One of the most fun parts of my work with the MSDN Forums has been working some of the most passionate, smart customers we have in Developer Division—the forum moderators. The moderators are usually thinking about a month or two ahead of Josh and me, so whatever new issues they are bringing to our attention today usually come to the forefront in due time. In a way, I guess I think of our moderators as “Community Barometers”…they let us know whether or not a storm is brewing on the horizon.

That’s why I knew that there is a big element missing from my reputation system thoughts when one of our most passionate moderators, ReneeC, sent me an email earlier this week. She noticed that I’m constantly on a hunt for new community moderators, and correctly assumed that it was because I see a rising tide of questions on the site (3,100/week at last check) and knew that I needed to enable more passionate community members on the site to continue to keep pace. What she also told me was that simply adding warm bodies to the mix wasn’t going to help exacerbate one of the biggest problems with the rise of questions on the site: new users don’t know how to ask good questions.

For example, let’s say a new user to the site is really having trouble with populating a WinForm DataGrid with the results of a query on a database. A more experienced user will know to include code samples, a detailed description of what he/she is trying to accomplish, and the specific error message that they are receiving. Unfortunately, the new user on the site isn’t used to writing questions, and they often will post a message like:

Subject: Please Help!

Body: I am trying to get a DataGrid to show the results of a query I wrote and it isn’t working. What should I do? Thanks!

Ugh. That question has less than a 20% chance of being answered. In fact, we’ve found that questions written by MSDN Subscribers (typically quite experienced users) have a 75% overall answer rate, versus a 59% answer rate on the overall site! Does good question phrasing matter? You bet!

So, how do we help new users write good questions? I’m not sure, but here’s some ideas below…

  1. Welcome Messaging—We know how many posts a particular user has made on the site, and we can also figure out fairly easily what percentage of questions that they have asked have been answered. Using this information, we could target welcome messaging at new users. It could be a pop-up that displays on the homepage that links to a best practice guide to using the forums (idea c/o Renee), an email message that is sent to your Passport account after you register to the forums, or a page you must read when you go to create your first post. The content of the message will be an introduction to the forums, how they work, and guidelines to asking and answering questions. The downside to this method is that most users simply click through these guides—there’s really no incentive to actually reading them. When was the last time you read a welcome guide?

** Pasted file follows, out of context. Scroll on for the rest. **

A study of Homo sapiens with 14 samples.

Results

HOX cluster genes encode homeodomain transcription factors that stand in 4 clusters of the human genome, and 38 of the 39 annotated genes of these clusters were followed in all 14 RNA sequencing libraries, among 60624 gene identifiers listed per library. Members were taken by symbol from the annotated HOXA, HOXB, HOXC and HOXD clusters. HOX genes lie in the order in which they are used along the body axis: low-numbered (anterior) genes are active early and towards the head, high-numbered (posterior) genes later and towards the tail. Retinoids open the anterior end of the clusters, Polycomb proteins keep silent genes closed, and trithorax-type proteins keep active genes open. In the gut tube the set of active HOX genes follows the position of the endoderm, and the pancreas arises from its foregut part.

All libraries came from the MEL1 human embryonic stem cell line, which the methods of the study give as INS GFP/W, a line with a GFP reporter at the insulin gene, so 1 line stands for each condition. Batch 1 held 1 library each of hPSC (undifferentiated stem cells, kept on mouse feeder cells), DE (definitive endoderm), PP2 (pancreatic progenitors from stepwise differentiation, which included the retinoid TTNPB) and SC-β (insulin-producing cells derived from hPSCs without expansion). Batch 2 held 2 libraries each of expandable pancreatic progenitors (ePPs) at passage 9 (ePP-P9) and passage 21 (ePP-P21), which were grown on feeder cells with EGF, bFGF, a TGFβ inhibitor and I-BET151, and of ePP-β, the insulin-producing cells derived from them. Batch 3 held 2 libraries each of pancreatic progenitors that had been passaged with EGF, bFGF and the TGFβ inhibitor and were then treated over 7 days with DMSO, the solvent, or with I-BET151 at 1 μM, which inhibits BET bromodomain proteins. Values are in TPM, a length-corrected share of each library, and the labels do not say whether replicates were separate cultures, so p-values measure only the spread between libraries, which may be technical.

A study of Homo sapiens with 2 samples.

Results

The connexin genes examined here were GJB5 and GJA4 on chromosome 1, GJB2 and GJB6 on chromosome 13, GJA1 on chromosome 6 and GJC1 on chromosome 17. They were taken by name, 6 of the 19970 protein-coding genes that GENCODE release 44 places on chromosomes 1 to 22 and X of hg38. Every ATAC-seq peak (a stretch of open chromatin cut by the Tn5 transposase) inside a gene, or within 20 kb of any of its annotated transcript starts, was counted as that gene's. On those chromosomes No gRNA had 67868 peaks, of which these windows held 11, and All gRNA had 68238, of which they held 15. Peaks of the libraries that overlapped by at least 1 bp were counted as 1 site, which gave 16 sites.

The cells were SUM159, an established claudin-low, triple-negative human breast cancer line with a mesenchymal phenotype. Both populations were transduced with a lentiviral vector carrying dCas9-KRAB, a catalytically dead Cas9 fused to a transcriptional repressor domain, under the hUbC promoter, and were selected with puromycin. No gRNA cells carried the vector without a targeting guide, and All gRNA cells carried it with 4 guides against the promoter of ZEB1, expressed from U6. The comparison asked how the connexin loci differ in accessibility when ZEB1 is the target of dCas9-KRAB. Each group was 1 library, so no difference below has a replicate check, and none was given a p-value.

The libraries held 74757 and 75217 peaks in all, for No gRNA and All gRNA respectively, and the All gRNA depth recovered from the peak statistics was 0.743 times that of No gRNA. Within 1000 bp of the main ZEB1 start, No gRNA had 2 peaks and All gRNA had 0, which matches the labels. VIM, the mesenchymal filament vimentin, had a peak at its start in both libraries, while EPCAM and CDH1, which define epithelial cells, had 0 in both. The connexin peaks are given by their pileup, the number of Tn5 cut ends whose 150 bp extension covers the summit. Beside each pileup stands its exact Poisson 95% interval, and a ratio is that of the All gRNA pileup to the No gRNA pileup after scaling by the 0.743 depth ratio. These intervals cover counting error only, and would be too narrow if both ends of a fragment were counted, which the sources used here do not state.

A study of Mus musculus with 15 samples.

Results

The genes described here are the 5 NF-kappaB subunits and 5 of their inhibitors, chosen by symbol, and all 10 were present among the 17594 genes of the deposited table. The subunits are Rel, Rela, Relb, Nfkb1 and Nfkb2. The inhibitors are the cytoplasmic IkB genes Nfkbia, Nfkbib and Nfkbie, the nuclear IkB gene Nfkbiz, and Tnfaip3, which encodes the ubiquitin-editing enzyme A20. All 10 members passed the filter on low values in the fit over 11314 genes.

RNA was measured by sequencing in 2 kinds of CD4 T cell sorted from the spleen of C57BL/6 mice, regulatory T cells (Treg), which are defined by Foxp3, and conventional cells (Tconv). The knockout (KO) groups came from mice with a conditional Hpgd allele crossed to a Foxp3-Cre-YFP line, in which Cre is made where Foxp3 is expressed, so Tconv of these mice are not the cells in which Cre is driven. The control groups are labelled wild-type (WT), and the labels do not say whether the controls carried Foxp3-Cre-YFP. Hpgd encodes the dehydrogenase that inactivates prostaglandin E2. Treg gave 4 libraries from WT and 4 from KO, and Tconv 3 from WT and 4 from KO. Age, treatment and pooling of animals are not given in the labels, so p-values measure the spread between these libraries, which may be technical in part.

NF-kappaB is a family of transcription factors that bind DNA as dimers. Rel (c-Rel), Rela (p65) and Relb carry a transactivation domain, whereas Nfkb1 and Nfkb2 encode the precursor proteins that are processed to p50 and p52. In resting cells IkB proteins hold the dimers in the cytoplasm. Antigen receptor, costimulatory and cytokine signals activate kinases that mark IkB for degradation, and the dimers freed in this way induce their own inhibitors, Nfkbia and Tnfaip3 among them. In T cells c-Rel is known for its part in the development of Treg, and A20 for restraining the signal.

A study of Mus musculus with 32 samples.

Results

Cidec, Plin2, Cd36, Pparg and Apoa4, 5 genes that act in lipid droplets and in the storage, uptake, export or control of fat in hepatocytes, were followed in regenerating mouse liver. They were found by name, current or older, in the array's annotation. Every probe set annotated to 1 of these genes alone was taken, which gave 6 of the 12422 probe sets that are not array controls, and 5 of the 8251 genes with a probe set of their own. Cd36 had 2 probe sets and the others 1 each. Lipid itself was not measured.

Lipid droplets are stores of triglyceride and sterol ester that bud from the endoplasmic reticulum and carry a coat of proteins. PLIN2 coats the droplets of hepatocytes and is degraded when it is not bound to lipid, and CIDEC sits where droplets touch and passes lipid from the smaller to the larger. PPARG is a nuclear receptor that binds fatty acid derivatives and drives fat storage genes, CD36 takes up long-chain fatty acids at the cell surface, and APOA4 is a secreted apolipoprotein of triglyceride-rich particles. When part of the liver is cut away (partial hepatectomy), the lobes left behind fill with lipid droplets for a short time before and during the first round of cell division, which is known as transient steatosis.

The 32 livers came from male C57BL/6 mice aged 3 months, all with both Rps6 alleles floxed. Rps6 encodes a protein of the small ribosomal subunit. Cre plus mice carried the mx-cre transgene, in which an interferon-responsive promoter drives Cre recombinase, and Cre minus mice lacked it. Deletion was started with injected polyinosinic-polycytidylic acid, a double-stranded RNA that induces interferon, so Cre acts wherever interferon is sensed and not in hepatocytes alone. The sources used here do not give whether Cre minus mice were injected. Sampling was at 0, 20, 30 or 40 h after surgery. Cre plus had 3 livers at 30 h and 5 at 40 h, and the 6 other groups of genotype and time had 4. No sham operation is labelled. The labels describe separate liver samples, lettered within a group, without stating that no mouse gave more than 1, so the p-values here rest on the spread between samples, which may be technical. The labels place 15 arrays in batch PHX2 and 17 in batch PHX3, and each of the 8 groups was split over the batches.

2. Question Moderation—When you first come to the site, before you’ve built up a basic reputation as a good question asker, you might have to have your questions approved by a moderator before they appear on the live site. The moderator could always tell you that you need more detailed information, and this could be coupled with the welcome messaging. The problem with this approach is twofold: 1) This requires quite a bit of extra moderation and 2) This potentially creates a feeling of distrust and extra unnecessary “hoop jumping” for some of our new users.
  3. Forced Search Prior to Posting—Many of the questions that new users ask could be solved through a simple search of the forums site—saving the question asker and answers time both. If new users to the system had to search and look through a page of search results prior to seeing the post dialog box, we could potentially cutoff a huge number of questions from new users.
  4. Question Template—We actually use this internally for bugs quite a bit at Microsoft to make sure newbies like myself are writing good bugs in our bug database—detailed templates. When a new user makes it to the post dialog box, there will already be a framework inside the text box to help them frame their question, prompting them to fill in a detailed description of what they are trying to accomplish, sample code, a list of things that they have already tried to solve the problem, and the detailed error message or behavior that they are experiencing.
  5. Automatic Alert of “Bad Question”—The best way to identify a “bad question” is usually the fact that a bad question won’t get any responses in over two days. If a user hasn’t received any responses in two days, an alert could be sent to the user informing them that there hasn’t been any activity on their thread, and it might help to clarify their question.

That’s what I have for now—anybody else have any ideas? What do you think?